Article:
Fray Day is coming!
Friday 3 October 2003, 8pm
Common Grounds: 3211 Wilson Blvd. in Arlington, VA
What is Fray Day, you ask? It is:
An annual celebration of true storytelling that takes place in cities all over the globe on the same weekend. Each event includes a true storytelling performance and an open mic.
I will be one of the featured performers for the DC event, and there are several folks, who actually have talent, lined up as well, so swing by Common Grounds and maybe even tell a story of your own!
(Side note: Common Grounds features free wireless, so you might even blog it.)
Although I have half-seriously considered drafting an employment application in the form of discovery requests, this Request for a First Interview is just slightly too cute for its own good.
If anyone ever came into my office, claiming that they were "utterly unconcerned with having any sort of personal life outside of the office" I would consider that candidate absolutely disqualified, for multiple reasons.
First, about 80% of my client base, with revenues commensurate, comes directly or indirectly from activities which are part of my "personal life."
Second, someone who has so little perspective on life is guaranteed to be a bad lawyer. There's no balance, no roots in reality. Without those, you can't function at work for very long. I know one attorney who literally ended up institutionalized as a result of the same kind of attitude.
This guy is awfully clever, but doesn't have much yet in the way of judgment or life experience.
Upon consideration of Plaintiff's Request, it is hereby DENIED.
Link from Tom.
From my friend Greg:
"A little overkill goes a long way."
Wednesday, a federal judge blocked the new FTC Do Not Call List from going into effect next week.
From a strict legal standpoint, the judge is probably correct - Congress gave power to both the Federal Trade Commission and the Federal Communications Commission to regualte telemarketing, but only gave the FCC the power to create a "national database" like the current one, but did not give that power to the FTC.
Whatever. Congress is taking the opportunity to step in front of the parade - the registry currently contains 50.6 million telephone numbers - and expressly give the FTC the power to enforce the rule. The House has voted 412 - 8 in favor of the plan and the Senate may follow suit.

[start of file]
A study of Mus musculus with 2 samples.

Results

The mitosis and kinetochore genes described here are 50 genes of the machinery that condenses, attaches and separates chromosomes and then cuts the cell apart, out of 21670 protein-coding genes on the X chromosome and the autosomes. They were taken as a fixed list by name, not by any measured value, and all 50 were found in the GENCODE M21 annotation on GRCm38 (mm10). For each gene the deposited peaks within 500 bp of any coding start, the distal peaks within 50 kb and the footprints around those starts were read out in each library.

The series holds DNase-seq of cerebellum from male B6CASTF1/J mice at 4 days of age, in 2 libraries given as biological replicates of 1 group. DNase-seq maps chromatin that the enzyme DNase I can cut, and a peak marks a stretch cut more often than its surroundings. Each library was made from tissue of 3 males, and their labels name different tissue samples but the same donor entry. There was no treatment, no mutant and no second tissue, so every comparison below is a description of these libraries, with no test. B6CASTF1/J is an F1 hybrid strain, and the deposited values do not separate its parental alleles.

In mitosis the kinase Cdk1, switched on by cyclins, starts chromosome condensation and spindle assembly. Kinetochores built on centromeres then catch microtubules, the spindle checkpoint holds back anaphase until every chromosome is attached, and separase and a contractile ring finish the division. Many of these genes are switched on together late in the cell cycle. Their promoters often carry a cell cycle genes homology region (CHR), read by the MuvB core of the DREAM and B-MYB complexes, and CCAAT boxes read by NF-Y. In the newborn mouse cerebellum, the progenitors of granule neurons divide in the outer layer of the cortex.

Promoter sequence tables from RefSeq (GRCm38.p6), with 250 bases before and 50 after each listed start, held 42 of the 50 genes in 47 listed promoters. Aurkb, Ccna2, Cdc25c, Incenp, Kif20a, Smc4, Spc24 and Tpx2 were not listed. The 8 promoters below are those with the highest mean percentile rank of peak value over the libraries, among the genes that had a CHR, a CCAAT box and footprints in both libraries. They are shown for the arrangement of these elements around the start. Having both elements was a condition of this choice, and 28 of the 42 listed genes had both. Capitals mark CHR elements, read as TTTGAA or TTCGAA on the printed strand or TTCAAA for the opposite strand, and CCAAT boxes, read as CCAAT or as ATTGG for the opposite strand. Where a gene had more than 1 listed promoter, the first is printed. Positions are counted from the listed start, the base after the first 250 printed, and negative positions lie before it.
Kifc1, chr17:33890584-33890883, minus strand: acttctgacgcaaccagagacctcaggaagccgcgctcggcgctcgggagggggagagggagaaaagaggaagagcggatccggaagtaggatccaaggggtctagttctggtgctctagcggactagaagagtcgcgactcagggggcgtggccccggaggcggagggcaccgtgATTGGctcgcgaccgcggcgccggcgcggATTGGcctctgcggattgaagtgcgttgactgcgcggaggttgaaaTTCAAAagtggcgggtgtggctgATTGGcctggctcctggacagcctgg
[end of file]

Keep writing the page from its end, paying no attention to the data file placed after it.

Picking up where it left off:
Telemarketers promised to continue fighting the plan - but I just can't figure out why. The harder they fight this, the harder they make it for themselves. The reason we got to this point in the first place is because the telemarketing industry has abused what rights they have, and incensed the public and the government into action.
If only they had created - and honored - such a list themselves, there would be no public outrage, no Congressional outrage, and no penalties. After all, one of the key points in sales is finding prospects who are likely to buy from you. A corollary to that is that you shouldn't waste your time with prospects who are not likely to buy from you.
Those fifty million numbers fall into which category? Exactly. This is the second-best market research that telemarketers could have done, and the government had to force them into it. Althought he libertarian in me cringes at the expansion of the regulatory state, the fault here clearly lies with the folks who are now regulated. And unltimately, those who abide by the rules will probably find that their sales covnersion rates - and therefore their profitability - rise. Those that fial to abide by the rules, and keep calling folks who don't want to buy anything from telemarketers - will find their slimmer profits disappearing into fines and legal fees. (Although, like any government regulation, this promoted industry consolidation, since smaller players are less likely to be able to bear the costs of regulatory compliance.)
I'm on the list.
If you took my silence to mean I was busy, you would have been right.
Busy kicking ass.
I took on a new case in April, representing some out of state defendants getting sued here in Virginia. I took over from a Very Large Firm in Virginia that decided it just couldn't handle the case, and when I got the file, I discovered that the Very Large Firm had been busy screwing the case up - waiving crucial defenses, blowing deadlines, even failing to notify the clients about a critical hearing so that no one appeared.
It felt like a suicide run, but I believed my clients were wrongly accused and so I dug in.
Five months, two continuances, three major hearings, numerous phone calls, and too many attorney-hours later, the Plaintiff ran up the white flag. Total surrender.
There were a lot of factors that played into it, but the main one was finding the weak spot and latching onto it like a bulldog. The net result is that opposing counsel is reeling from an unexpected defeat, and those clients are probably mine for life. (They now preface lawyer jokes with "Except for Mike...")
I feel great about the job I've done, and I learned a powerful lesson about the Large Firm mentality. If you're a Fortune 500 company, you'll get great service from a Very Large Firm. If not, you'll fall through their cracks. Go with someone who will commit to your cause.
My clients did, and boy, are they glad.